A while back, I accepted a commission to make a gazillion tiny plush koi fish for wedding favors. I had worked out all the details, what they were supposed look like, how big, what color, etc., and then I got stuck. I didn’t know what to make them out of. Normally I use felt for my little plushies, but I needed something with a particular fish scale pattern. After an exhaustive search I hadn’t found anything that fit and I was actually starting to consider ways to paint the scales on. Then in a moment of brilliance, I remembered hearing about an awesome sounding website called Spoonflower a few months back. Spoonflower offers custom printed fabrics and the minimum order size is less than a yard. I have to admit, once I remembered this I was thrilled to have an excuse to try it out. The idea of being able to get exactly what I wanted without all the searching was pretty fantastic. So I whipped up the pattern I needed and ordered me some fabric. A week or so later, and ta-da! My fancy fabric showed up in the mailbox.
I have to say it’s pretty satisfying getting something that you designed yourself. Also, I still have a childlike delight for getting things in the mail. All in all I am very pleased with this purchase. I ended up ordering my fishy pattern in three different color themes on quilting weight cotton. The fabric feels good and the colors turned out perfect (I did make sure to use their recommended color palette). So far it is working out great for my little koi. Now I can finally get going on this project!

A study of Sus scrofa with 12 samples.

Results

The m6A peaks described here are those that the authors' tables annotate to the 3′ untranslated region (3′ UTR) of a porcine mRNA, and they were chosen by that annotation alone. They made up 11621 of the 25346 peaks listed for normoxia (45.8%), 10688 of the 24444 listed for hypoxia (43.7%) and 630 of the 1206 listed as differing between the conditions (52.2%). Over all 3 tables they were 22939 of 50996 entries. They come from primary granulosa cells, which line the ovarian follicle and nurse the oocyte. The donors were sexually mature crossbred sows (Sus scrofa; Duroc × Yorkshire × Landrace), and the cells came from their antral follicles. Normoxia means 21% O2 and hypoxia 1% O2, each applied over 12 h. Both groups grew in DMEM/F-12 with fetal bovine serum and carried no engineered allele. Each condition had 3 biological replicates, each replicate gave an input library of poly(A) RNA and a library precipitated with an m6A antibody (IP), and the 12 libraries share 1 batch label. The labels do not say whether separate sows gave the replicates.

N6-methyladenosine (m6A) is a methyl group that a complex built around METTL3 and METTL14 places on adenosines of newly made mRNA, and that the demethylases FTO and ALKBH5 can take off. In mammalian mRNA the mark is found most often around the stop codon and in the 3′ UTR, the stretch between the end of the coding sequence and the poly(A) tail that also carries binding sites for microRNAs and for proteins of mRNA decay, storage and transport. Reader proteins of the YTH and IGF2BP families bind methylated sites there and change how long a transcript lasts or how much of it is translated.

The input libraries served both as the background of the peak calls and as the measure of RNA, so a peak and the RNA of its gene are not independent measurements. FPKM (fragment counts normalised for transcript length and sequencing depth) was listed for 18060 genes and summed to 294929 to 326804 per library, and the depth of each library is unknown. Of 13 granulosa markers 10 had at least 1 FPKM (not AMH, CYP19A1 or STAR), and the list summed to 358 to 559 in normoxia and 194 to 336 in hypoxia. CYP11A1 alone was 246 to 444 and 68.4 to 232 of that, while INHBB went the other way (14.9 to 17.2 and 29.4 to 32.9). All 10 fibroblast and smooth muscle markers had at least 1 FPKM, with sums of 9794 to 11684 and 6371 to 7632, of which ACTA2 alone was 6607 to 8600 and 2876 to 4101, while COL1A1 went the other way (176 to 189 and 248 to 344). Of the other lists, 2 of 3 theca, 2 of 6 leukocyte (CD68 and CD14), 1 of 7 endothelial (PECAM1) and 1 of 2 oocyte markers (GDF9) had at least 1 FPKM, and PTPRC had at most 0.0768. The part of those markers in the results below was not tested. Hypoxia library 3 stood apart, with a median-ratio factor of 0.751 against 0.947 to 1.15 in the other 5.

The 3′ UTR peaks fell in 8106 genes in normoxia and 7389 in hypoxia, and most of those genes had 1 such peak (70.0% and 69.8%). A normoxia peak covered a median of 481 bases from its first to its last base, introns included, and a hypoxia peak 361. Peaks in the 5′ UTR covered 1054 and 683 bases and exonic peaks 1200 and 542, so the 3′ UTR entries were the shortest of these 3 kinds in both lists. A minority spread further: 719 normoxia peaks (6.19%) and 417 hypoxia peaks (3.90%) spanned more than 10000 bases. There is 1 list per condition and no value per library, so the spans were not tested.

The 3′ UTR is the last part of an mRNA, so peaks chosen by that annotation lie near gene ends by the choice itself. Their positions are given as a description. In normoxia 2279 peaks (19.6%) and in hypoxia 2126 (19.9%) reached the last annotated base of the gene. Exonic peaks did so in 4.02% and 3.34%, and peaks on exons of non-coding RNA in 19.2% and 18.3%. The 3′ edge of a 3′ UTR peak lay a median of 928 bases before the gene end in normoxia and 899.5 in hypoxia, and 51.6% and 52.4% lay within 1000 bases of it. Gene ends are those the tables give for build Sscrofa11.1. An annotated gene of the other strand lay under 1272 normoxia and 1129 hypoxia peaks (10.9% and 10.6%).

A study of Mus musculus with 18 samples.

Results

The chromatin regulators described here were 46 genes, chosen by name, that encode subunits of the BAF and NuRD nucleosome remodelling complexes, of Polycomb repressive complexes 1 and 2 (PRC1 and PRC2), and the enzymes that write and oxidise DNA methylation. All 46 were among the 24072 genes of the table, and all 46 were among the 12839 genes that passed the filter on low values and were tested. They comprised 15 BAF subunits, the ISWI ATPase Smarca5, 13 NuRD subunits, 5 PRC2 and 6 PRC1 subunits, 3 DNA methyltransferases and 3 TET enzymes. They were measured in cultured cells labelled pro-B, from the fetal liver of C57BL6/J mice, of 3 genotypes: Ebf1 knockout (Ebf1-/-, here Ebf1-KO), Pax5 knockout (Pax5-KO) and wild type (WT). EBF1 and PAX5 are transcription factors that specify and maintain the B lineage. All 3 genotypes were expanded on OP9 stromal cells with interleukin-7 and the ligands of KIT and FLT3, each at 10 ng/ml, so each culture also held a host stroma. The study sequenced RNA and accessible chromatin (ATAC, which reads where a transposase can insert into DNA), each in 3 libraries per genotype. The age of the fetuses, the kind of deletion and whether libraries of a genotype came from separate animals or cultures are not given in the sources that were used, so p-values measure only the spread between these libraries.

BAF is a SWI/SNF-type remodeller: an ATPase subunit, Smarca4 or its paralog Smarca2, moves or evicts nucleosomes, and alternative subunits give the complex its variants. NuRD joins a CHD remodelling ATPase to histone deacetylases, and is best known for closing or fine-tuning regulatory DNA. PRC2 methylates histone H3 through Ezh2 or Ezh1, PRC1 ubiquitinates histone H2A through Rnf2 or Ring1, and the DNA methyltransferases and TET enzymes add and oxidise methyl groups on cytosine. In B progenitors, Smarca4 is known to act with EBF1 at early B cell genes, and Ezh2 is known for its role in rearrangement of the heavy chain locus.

If you been unable to find that particular pattern you want or fancy yourself a budding textile designer, you might give it a try. For the Photoshop users out there, here is a handy tutorial for making a pattern tile-able. I’ve also made a little diagram of how a pattern fits together. I know it’s pretty obvious, but I find it easier if I have a visual reference. I would also suggest that if you are making a tile-able pattern, start filling in the edges first. Once all the edges match you can fill in the middle however you want. And if you just enjoy making patterns, you can make your designs available to the public and you get a small commission for each sale. Just remember folks: if you are creating a pattern, respect intellectual property rights! Don’t “borrow” copyrighted material even if it’s just for you. There is so much license free material out there, so you have no excuse.
If all that is too scary, you can also browse through the tons of cool designs for sale that other people have contributed. One of the other things I’ve seen on there that looks really fun is patterns for dolls, plushies, masks, and other goodies printed directly on the fabric. You purchase the “project” and it’s sort of like getting a kit. All you have to do is cut it out and sew it together.
Now that I’ve thoroughly geeked out about this, I do have to say it has some drawbacks. It is a bit on the pricey end. I spent a while lusting after all the pretties Spoonflower has to offer because I couldn’t quite justify spending that much on a whim. If I hadn’t had this commission, it probably would have been a lot longer. I don’t often use the types of fabric they offer. It’s definitely a useful high-quality product, all the fabrics are organic natural fibers too, but unfortunately at this point in time it’s not something I see myself using very often. Of course window shopping is free so I will continue to long even if I don’t need any of it.